Leading sportswear brands make a crucial distinction that makes everyone a potential customer
Maybe it’s just me, but watching Nike’s latest ad campaign ‘Time is Precious’ made me think about a new target audience for sports brands on social media.
It created a buzz even outside the world of sport, and my mind began to contrast it with a Nike ad in the 1990s – their first ad featuring Tiger Woods.
That ad showed lots of children – from all backgrounds – saying the words ‘I’m Tiger Woods’ over and over. Its power lay in the fact that any child from any background can excel. Sport is one of the great levellers of humanity, it doesn’t care how rich or poor you are – only how dedicated you are and how much you’re willing to work for it.
Tiger Woods himself was still pretty much a kid at that point, a phenomenon, and arguably the most gifted golfer ever: certainly of his generation. So it made sense to use him as an inspiration rather than a selling point in himself – the age gap between Woods and an eight year-old watching the ad would still have been smaller than the gap between a 22 year-old Woods and the winner of the Open that year (1998), Mark O’Meara, who was 39 at the time.
Nike weren’t necessarily aiming at golf fans with the ad, either. Sure, those who were interested in golf were going to love it, but any parent wanting their son or daughter to grow up to enjoy sport was going to like it, too. It probably inspired lots of kids to take up sport, too. (An added inspiration to any young British golf fan that year was Justin Rose, who finished as leading amateur, only two shots back and one behind Woods).
It’s nothing new to say that there’s power in a good ad campaign. But the reason to bring this up is because this ad happened long before the internet became an everyday tool and a common part of our lives, let alone the advent of the social media age. And as such, it contrasts quite sharply with the ‘Time is Precious’ campaign.
Even though that ad’s appeal was beyond just golf fans, it still had to be geared towards anyone interested in sport. Or possibly – in a slightly more sinister, money-grabbing twist – their parents. That’s a huge target audience, but it’s still a niche of some kind.
Today the internet takes us all into corners of the world we could not have hoped to reach 20 years ago, and the new ad shows us that. This ad isn’t geared towards golf fans or sports fans. It’s about running, but it’s not even geared towards those interested running or fans of athletics. It doesn’t target runners. It doesn’t even target sports fans or fitness junkies, or even anyone who’s ever thought about being a fitness junkie.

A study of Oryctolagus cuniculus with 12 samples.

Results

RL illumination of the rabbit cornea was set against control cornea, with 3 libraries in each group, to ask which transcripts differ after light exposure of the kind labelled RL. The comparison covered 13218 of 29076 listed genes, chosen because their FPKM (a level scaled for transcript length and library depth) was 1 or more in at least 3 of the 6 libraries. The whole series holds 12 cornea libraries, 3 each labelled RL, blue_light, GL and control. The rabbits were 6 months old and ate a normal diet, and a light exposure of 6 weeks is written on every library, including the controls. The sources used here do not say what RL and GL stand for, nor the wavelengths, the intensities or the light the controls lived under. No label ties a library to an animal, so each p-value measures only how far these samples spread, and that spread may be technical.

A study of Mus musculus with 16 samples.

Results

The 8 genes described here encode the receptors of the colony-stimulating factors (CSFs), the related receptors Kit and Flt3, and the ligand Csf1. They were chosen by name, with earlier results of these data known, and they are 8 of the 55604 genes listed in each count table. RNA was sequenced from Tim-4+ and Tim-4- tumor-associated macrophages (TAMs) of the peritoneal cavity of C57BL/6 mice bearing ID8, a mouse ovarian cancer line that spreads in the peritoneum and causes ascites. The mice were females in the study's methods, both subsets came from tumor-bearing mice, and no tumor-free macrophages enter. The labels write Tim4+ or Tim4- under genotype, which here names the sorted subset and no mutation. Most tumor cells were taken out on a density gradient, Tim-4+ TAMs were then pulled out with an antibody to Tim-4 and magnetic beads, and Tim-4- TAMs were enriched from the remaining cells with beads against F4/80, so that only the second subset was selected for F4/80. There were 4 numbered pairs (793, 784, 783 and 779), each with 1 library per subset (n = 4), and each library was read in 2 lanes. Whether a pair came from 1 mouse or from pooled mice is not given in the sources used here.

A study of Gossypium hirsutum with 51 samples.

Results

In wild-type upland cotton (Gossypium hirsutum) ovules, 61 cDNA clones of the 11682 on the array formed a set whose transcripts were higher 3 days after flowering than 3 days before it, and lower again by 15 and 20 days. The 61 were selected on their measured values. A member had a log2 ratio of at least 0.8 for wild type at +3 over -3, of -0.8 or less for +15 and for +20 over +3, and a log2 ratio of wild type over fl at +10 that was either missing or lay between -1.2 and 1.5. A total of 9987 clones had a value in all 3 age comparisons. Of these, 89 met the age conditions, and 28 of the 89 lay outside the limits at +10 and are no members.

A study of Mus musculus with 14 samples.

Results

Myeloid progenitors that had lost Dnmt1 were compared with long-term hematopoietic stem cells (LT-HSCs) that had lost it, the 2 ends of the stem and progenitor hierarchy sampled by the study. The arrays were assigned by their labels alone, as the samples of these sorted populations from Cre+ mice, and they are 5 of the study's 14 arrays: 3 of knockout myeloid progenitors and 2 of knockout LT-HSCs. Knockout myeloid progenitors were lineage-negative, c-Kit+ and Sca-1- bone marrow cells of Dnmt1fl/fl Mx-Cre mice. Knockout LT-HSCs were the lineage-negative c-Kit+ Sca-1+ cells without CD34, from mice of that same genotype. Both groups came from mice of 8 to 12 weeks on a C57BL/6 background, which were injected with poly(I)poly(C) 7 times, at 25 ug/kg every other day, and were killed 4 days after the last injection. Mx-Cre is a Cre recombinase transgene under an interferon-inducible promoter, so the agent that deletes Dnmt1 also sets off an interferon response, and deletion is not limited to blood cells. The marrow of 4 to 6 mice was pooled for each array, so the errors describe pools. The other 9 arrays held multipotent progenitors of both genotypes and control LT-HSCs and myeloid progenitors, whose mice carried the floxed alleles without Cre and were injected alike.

It targets everyone.
The thought that occurs is this, though: it’s not necessarily the internet that means Nike can maneuver their campaigns toward pretty much everyone in the world. The ad rings true for most people of a younger generation, but even people who don’t use the internet and social media to the same life-wasting degree it rings true. Everyone has waste and procrastination in their lives. No one is perfectly efficient.
It’s more that society has changed, too. I’m not sure we now view ‘fitness’ and ‘sport’ in the same category, whereas that may well have been the case before. Going for a run or going to the gym aren’t really seen as ‘doing sport’. That’s just health and fitness.
And as a side note, other big sports brand campaigns take a similar line. Take another look at Under Armour’s I Will What I Want campaign, featuring model Gisele Bundchen literally bashing the hell out of gender stereotypes: the point here isn’t about sport or doing sport. It’s about being fit. And that’s gender, age, ability, and ethnicity neutral.
For brands, sport and fitness is an important distinction. Getting people interested in sport is a wonderful favour to society, but getting them interested in health, fitness and general well being is arguably more important. Exercise is something everyone should be doing to some degree out of necessity. The fact you choose to exercise by practising a sport will remain a choice.
I’m certainly not saying people in general should see ‘sport’ as one thing and ‘fitness’ as another. They can certainly be one and the same thing. But in targeting non-sporting ideas like laziness, procrastination and gender stereotyping – as opposed to sporting excellence and the equality that can bring, like in the Tiger Woods ad – Nike and others can reach a much wider audience given social media’s power.
In fact, they can probably reach just about everyone.